How do Women Get Into Politics?

Sistr speaks to Resham Kotecha about running for Parliament. What are the barriers she believes put women off becoming MPs? Which factors affect women becoming MPs? How can they be turned into positive reasons to enter politics?

Let’s start on a high note. Resham is a huge advocate of women in politics. Having stood for Parliament twice, she’s determined to make it third time lucky. When Resham speaks her energy and passion radiate through our chat. She speaks passionately about having the ability to put your thoughts into action. And yet in another breath, acknowledges that there are barriers for women; there is no point pretending there aren’t. 

Let’s look at those barriers and knock them down. 

Policy Overwhelm

Who the heck knows every policy there is to know? Ask any MP on minor details and they’ll stumble at some point on something along the way. However, men think they can do a better job regardless of whether they know policy. Women, on the other hand, will count themselves out if they don’t think they have all the knowledge.

How can we change that? Resham addresses this by stating that anyone can learn policy. You do not need to be reliant on it. What you cannot learn is communication skills, empathy, and the ability to listen. These are the skills needed to serve your community. Women hold themselves back if they don’t know every policy but let’s look at it from another angle.

You already know more than you think. If you’re a parent you’ll probably know about education policy to some extent. Do you work? Then you’ll probably have some knowledge and be affected by tax and working rights policy. Have you owned a house and made changes? Perhaps you’ll have explored local planning policy. There you go, you know more than you realise! Anyone can learn and that learning can help a lot of people. 

Relatability – You Can’t Be What You Can’t See

How many women can you count who you regularly see on TV who are in the world of Politics? Very few. Despite there being the largest representation of women in politics around the world (24.3%) and the highest in the UK Parliament (a whopping 220 women at an all-time high of 34%) you still see very few women on TV. So you have a situation where as young girls grow up the chances of considering Politics as a career are slim as there is no one to relate to. 

Resham stresses that this creates a self-serving cycle where we as women, don’t think Politics is a place for us. Children need visuals, someone they can see and go “I want to be like that person”. In visualising, it changes the impact on what we think we can do.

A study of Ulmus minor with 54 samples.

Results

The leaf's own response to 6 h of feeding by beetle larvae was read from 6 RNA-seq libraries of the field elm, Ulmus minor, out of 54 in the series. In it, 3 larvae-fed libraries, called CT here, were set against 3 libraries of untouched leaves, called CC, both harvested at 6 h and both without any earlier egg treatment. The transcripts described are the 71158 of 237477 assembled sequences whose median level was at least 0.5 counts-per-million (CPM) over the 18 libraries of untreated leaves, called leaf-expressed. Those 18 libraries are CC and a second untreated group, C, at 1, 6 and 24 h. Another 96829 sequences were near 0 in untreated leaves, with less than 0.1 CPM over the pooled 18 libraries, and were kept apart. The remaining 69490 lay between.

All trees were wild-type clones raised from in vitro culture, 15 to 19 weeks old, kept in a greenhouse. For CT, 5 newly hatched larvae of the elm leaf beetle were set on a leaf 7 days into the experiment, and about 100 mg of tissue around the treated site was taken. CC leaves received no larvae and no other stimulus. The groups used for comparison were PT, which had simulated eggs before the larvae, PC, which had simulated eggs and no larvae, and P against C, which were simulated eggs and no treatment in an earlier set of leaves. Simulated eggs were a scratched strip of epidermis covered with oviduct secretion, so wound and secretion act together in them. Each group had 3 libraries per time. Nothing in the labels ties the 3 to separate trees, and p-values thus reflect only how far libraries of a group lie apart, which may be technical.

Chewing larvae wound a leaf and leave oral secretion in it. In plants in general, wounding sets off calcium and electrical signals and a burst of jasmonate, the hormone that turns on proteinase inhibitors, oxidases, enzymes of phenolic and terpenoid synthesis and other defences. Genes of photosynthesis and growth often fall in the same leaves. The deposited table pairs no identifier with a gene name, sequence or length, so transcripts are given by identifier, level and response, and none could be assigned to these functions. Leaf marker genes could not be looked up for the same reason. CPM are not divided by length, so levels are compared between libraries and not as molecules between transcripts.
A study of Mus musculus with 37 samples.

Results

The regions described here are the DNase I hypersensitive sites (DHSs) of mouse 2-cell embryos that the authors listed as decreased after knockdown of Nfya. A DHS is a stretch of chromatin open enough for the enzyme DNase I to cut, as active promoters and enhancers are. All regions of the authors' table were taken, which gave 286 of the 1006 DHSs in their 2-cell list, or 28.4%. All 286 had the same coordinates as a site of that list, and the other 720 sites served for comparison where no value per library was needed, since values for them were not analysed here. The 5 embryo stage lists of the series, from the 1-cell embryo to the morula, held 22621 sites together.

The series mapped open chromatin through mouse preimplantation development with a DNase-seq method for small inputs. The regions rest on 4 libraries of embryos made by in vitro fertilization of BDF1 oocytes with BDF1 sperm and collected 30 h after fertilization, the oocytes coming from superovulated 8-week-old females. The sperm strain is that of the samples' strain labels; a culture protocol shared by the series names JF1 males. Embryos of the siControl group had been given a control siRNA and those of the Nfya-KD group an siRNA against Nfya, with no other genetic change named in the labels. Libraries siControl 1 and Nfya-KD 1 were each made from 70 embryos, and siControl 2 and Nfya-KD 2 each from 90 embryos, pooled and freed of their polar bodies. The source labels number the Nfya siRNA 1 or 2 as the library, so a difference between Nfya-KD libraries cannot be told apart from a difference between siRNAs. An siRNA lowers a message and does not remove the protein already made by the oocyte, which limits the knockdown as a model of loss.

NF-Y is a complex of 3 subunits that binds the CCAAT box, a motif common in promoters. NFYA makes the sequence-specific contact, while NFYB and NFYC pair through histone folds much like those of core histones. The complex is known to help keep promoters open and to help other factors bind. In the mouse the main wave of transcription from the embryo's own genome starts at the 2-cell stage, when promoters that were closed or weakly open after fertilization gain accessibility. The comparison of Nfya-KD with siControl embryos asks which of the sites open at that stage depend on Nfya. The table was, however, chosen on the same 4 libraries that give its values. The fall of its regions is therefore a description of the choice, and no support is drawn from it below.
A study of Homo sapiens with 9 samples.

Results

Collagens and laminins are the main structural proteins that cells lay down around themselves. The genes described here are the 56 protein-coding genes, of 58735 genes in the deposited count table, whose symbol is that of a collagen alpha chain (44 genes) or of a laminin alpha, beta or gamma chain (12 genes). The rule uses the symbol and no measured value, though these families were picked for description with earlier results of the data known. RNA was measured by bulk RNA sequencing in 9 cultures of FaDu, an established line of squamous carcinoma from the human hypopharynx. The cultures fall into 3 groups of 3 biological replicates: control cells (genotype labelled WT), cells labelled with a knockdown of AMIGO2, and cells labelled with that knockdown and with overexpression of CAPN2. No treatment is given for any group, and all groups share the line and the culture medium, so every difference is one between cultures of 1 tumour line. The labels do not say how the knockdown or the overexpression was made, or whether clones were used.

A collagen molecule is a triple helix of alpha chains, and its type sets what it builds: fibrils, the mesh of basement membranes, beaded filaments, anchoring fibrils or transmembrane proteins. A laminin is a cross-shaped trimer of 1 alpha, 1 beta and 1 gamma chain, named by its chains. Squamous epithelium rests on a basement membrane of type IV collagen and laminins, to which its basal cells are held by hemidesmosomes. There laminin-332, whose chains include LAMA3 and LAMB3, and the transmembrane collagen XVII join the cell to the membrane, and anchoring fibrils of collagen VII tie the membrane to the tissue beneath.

Can this change? Certainly, the stats are there and on the increase in terms of women who can be seen as role models. Educational Outreach Programmes are being run at national and regional levels enabling Politics to be heard and engaged with more easily. 


This attribute is one of the most important skills Resham has learned during her experience in Politics and one where many women (and men for that matter) fall. 

On the campaign trail you are doing letter drops at 5 am, relentless media interviews, live meetings with live social media streams (and hence live trolls sitting in the audience). It is not for the faint-hearted. But Resham thrives on this. You can make a change, not just impacting one person, but impacting a whole country. A whole demographic can be influenced or affected by a policy that you might have driven. It’s a life-defining moment. When you think about it from that perspective, it makes it all the more worthwhile.

Fear of Failure

If you lose a seat it’s a very public failure in Politics. Results are announced publicly and usually to a room of constituents baying for someone’s blood. Resham explains that it’s important to compartmentalise your emotions. You need a strong network around you who can make you realise you still matter. This is where women, a network of fellow women candidates, or women within your inner circle are invaluable. A group of women backing each other is an unrivaled strength and something women need to remember. You have to fail to learn the lessons that make you more impressive. 

Training and mentoring play a huge role in overcoming a fear of failure. Initiatives such as Women2Win have been established to increase women’s participation in Conservative Party Politics by mentoring and coaching.

Would Resham stand again after 2 defeats? Absolutely is the clear answer, best thing she’s ever done. The skills learned along the way have proved invaluable and life-changing. The mentors and contacts met along the way have proved inspiring and crucial. Can women get on a level pegging with men in Politics? The barriers are there but perhaps we as women need to remove them, remove the mental barriers that tell us it’s not right for women to pursue it. It is right, it is possible and we are cheering for you Resham! 

If you’d like to reach out to Resham about pursuing a career in Politics or her recently created public speaking agency Podium Perfect then, as ever, do drop us a line at Sistr.